Video Game Players To Be Rewarded With Athletic Scholarships

Parents take note: you might want to pause for a moment before you tell your teenager to put down the video games and do something — actually anything — else.

For the first time ever, a university is offering generous scholarships — athletic scholarships — to students who play the League of Legends multiplayer video game. In fact, Robert Morris University in Chicago is debuting a team.

To the 27 million people who play these games daily and the thousands of spectators who turn up to watch professional tournaments, the games have long been considered a sport. But the scholarships mark the first time League of Legends is being listed in the same category as football, soccer and swimming.

Robert Morris’s associate athletic director, Kurt Melcher, says he thinks the scholarships will attract an underserved male population, and judging from the number of initial inquiries about the new program — close to 700 in a week — he may have hit on something big.

Melcher discusses the idea of video game scholarships with Here & Now’s Jeremy Hobson.

Interview Highlights

On giving sports scholarships to video game players

“There’s no physical activity, but we also offer scholarships for our bowling teams. We do so for our choir and our band. Each of them has a level of physical ability and also a level of skill. Certainly, League of Legends is no different than say the skill required or amount exerted as bowling.”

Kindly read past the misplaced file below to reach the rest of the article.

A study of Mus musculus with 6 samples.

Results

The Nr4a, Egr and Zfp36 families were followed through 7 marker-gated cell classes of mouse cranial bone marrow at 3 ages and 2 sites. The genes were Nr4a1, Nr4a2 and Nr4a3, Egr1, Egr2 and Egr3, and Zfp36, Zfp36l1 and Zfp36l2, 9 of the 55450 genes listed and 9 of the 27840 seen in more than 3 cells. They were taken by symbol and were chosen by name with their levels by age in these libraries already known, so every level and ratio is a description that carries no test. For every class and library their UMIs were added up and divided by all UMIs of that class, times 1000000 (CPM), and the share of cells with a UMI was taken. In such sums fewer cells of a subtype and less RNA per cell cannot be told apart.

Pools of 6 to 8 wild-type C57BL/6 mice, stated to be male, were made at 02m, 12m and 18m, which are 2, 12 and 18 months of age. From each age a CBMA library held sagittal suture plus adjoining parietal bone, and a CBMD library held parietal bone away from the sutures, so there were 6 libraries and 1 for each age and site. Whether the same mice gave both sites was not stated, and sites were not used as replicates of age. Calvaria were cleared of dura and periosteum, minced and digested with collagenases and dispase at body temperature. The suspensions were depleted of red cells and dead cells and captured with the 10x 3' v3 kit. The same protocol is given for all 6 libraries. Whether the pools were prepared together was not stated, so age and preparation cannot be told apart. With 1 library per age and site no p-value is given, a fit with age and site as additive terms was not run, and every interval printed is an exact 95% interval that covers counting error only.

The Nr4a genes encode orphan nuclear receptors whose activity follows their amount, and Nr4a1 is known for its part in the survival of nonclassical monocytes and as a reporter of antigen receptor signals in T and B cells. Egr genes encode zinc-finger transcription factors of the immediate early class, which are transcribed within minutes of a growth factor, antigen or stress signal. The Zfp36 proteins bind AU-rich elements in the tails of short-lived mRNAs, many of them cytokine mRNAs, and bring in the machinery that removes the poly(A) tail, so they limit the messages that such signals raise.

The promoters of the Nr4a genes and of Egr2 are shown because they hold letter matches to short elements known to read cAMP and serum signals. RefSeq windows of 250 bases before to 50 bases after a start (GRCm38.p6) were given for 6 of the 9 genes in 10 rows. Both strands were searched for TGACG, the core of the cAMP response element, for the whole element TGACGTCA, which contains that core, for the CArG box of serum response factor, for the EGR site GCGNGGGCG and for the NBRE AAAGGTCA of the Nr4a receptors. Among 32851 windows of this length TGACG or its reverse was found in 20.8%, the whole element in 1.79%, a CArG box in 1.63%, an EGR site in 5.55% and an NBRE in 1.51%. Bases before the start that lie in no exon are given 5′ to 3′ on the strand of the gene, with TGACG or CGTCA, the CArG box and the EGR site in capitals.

On the size and quantity of these scholarships

“We’re planning on having three varsity teams. It’s five versus five. I think it makes sense to have eight or nine per team. The kids would get, for the best players, 50 percent tuition and 50 percent room and board, which comes out to almost $19,000.”

On creating university e-sport teams 

“The culture of the gaming environment is all-nighters fueled by Red Bull and going at it hard. So I think we’ll have to put reverse elements into it, saying ‘hey stop practicing, take it easy, make sure you’re studying, get to classes, and make sure you’re a good citizen within the university.’”


  • Kurt Melcher, associate athletic director at Robert Morris University in Chicago.


    “…Kurt Melcher, says he thinks the scholarships will attract an underserved male population.” You mean the underexercised, overweight section of the male population?

    Face it…this is just an advertising campaign for a computer game company. Few will qualify and the rest are merely customers.

    BTW, is NPR President Jarl Mohn still an major investor in “League of Legends”/Riot Games?

    • backscratcher

      He’s not Pres/CEO till July 1.
      Some portion of the “underexercised, overweight section of the male population” is on football scholarship ;)
      Too bad they couldn’t ponder the correlation between things like this and rising tuition costs.

  • roy

    is this a hoax? you may have been had!

  • The Jerol

    Over 32 million viewers watched the LoL world finals last year. To put that in perspective, only 22 million people watched game 5 of the NBA Finals this year. This is a big-time “e-sport” which has massive popularity in Asia, Europe and North America. Professional players have been known to make in the mid-six figures income with endorsements from computer companies.

    It’s here to stay, like it or not. Not sure about the college scholarship aspect, but it certainly is a skill the most gifted can parlay into a career.

  • Newbie1

    League of Legends might as well be called League of Last-Place in gaming scholarships. You newbs.

  • Jarin

    I’m still boggling at the word “underserved” here.